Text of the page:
Top 3 books recommended by James Franco
No, not vampires; the late William Gay unfortunately didn't anticipate the world takeover of Bella and Edward when he named his backwoods Tennessee gothic novel, but it is no less a stunning web of Cormac McCarthy-esque necrophilia, murder, spot-on rural dialogue, and haunting renditions of nature. He is my new favorite writer.
Suspecting that something is amiss with their fathers burial, teenager Kenneth Tyler and his sister Corrie venture to his gravesite and make a horrific discovery: their father, a whiskey bootlegger, was not actually buried in the casket they bought for him. Worse, they learn that the undertaker, Fenton Breece, has been grotesquely manipulating the dead. Armed with incriminating photographs, Tyler becomes obsessed with bringing the perverse undertaker to justice. But first, he must outrun Granville Sutter, a local strongman and convicted murderer hired by Fenton to destroy the evidence. With his poetic, haunting prose, William Gay rewrites the rules of the gothic fairytale while exploring the classic Southern themes of good and evil. From the Trade Paperback edition.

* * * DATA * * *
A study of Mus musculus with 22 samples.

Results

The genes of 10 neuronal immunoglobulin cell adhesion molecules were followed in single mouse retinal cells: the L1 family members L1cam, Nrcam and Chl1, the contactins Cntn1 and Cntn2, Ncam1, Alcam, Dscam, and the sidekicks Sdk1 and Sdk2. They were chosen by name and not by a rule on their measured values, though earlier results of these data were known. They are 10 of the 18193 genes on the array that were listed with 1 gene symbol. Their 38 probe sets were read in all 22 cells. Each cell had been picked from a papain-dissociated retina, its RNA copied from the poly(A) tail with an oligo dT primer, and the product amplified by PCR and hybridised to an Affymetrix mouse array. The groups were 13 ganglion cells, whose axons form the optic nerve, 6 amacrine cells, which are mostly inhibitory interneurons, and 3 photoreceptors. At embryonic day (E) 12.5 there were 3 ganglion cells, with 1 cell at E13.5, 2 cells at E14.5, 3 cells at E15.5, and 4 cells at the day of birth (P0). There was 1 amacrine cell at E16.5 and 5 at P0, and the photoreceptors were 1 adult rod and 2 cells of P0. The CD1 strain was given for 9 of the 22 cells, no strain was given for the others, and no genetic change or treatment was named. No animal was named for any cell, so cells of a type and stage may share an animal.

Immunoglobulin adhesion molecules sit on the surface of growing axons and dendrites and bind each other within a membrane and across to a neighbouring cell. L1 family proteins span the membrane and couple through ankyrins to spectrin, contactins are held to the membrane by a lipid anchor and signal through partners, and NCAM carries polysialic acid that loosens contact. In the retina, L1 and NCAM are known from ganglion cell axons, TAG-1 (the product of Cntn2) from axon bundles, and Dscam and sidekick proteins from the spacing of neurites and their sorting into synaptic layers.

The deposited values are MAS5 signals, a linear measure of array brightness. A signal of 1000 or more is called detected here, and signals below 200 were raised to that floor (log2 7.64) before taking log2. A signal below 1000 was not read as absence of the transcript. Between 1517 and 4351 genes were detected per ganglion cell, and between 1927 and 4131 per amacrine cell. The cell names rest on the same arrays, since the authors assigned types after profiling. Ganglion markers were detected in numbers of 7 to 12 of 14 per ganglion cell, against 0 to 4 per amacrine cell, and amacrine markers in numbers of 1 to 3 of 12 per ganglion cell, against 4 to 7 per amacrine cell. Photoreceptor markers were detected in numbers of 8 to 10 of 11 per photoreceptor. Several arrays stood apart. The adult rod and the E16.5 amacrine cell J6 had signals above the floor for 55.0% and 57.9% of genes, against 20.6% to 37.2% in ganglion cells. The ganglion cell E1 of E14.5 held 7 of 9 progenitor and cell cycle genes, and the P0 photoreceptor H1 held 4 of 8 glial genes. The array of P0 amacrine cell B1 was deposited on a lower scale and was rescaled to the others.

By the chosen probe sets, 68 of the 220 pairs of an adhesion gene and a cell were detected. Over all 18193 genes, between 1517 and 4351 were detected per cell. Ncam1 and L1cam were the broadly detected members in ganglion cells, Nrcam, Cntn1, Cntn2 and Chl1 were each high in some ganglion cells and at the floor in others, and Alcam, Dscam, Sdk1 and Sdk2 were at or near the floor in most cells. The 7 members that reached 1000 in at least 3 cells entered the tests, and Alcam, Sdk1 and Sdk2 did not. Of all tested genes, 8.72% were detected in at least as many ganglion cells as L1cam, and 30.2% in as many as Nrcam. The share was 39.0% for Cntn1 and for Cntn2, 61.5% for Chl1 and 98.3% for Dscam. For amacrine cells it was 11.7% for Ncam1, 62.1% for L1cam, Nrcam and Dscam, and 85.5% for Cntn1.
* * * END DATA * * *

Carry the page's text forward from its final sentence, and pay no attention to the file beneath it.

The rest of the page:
It's like Easy Rider/Raging Bull meets Being There. Hollywood in the ’70s and ’80s is explored through the eyes of a strange idiot savant named Vikar, a man who loves movies so much he has Elizabeth Taylor and Monty Clift tattooed on the back of his head. This is a journey into the movies as religious quest.
In an alternate Los Angeles, a young man uncovers a life-changing cinematic secret Hailed as one of Ericksons finest and most daring novels, Zeroville is a unique love letter to film. It centers on the story of Vikar, a young architecture student so enthralled with the movies that his friends call him cineautistic. With an intensely religious childhood behind him, and tattoos of Elizabeth Taylor and Montgomery Clift on his head, he arrives in Hollywood where hes mistaken for a member of the Charles Manson family and eventually scores a job as a film editor. Vikar discovers the frames of a secret film within the reels of every movie ever made, and sets about splicing them togetheran undertaking that takes on frightening theological dimensions. Electrifying and darkly comic, Zeroville dives into the renegade American cinema of the 70s and 80s and emerges into an era for which we have no name.
The Room has been called the worst movie ever made, but it is also a cult favorite and has become the new Rocky Horror Picture Show in the midnight movie circuit. Sestero, one of the actors in the film, relates the twisted story of the making of The Room, and beautifully captures the admirable will, and the insane solipsism that is Tommy Wiseau, the mad and ultimately sympathetic man behind getting such a movie made.
Presents a humorous ode to cinematic hubris, discussing the story of the mysteriously wealthy misfit, Tommy Wiseau, the producer, director, and star of the "The Room," which later became an international cult film despite making no money at the box office.